Modules RFC: `use` is `mod`


#1

In responses to the latest modules RFC there is some push back against automatically loaded modules, so I’d like to propose a refinement to the autoloading idea.

Only modules that are used are loaded.

(where use means either explicit mod as it is currently, and/or appearing in any use path in the project).

This means that a stray file on disk won’t be automatically included in the project. There has to be at least one use somewhere that refers to it in order for the file to be included in compilation. If you rely on hiding a module by commenting out mod foo, you can do the same by commenting out use foo. #[cfg] mod foo is satisfied by #[cfg] use foo.

Changes from current behavior:

  • You don’t need mod foo if there is any use foo or use foo::bar statement. For new users it will appear as if all modules exist, and are ready to use. This is very close to behavior of other languages having include/require.
  • If a module only has impl, and no items from it are used explicitly, you’ll need to use it explicitly (or keep a mod).

Advantages:

  • Untracked/unfinished/garbage files aren’t surprisingly included in the project
  • Source code still describes its own module hierarchy, and it’s still possible to comment out a module by editing project’s source code.
  • Removes confusion between relative mod foo and absolute use path::to::foo, both having confusingly similar effect to novice users.

Downsides:

  • Relative mod foo becomes absolute use path::to::foo or use self::foo
  • Visibility of modules is not explicit (it’s pub(crate) by default, and other proposed mechanisms for exporting may be needed).
  • unused import lint may need rethinking

#2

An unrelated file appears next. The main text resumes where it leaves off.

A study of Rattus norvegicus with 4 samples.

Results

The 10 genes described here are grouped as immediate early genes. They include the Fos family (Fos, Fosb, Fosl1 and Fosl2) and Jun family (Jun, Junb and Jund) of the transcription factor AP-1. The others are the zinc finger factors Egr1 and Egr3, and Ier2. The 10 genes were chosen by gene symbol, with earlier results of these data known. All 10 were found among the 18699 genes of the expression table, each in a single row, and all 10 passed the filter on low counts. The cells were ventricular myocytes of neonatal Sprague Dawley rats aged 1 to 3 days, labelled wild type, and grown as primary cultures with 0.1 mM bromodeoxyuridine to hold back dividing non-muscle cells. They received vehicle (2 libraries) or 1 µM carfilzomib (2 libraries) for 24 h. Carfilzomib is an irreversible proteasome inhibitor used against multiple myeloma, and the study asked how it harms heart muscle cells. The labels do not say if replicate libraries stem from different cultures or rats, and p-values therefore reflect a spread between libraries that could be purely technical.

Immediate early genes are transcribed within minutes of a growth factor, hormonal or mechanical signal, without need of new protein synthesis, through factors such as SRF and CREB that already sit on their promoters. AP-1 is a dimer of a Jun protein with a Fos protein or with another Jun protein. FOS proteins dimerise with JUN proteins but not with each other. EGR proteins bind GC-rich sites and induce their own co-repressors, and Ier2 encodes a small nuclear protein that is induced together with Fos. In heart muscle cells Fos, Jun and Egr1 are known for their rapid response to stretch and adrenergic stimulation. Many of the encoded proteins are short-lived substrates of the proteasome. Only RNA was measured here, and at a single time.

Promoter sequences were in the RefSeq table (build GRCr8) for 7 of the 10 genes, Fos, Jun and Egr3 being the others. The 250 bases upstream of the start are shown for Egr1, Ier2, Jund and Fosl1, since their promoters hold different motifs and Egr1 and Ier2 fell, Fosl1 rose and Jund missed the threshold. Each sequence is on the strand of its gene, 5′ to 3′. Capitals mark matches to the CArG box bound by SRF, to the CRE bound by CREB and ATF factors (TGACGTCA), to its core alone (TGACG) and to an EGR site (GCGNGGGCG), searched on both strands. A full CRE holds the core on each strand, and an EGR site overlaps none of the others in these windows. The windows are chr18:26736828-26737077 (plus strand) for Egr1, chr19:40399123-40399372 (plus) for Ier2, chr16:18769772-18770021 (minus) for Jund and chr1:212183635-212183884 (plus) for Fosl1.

One feature of the current mod syntax is that you can order the inherent impl’s in the docs by loading your modules in the correct order. Do you propose to instead tie this order to the use order in the modules parent module?


As anecdata for how bad this can be: my crate roaring has a total of 15 leaf modules, out of those only 6 are currently involved in use expressions, the other 9 will need to have an extraneous use added to keep them loaded. It doesn’t matter so much as I would need something manually specified to control the doc order anyway, but maybe there are people with a similar code division policy that don’t care about doc order so much.


#3

I have a lot of gripes about order of things in rustdoc — not just impls, but also organization of types and traits they belong to. So short term it’ll probably be the order modules were first seen in use statements (so if you just replace mod with use in the crate root, it will work), but a proper solution for this may be something else entirely (like doccomment annotations, rustdoc config/table of contents).

The other way to look at it is that it will be 6 declarations fewer overall (use < use + mod), and you only need one kind of declaration, not two (that’s a big win for new users).


#4

This.

"use implies mod" is strictly an improvement, saving many many mods, and just because in some cases it doesn’t, is not a big problem.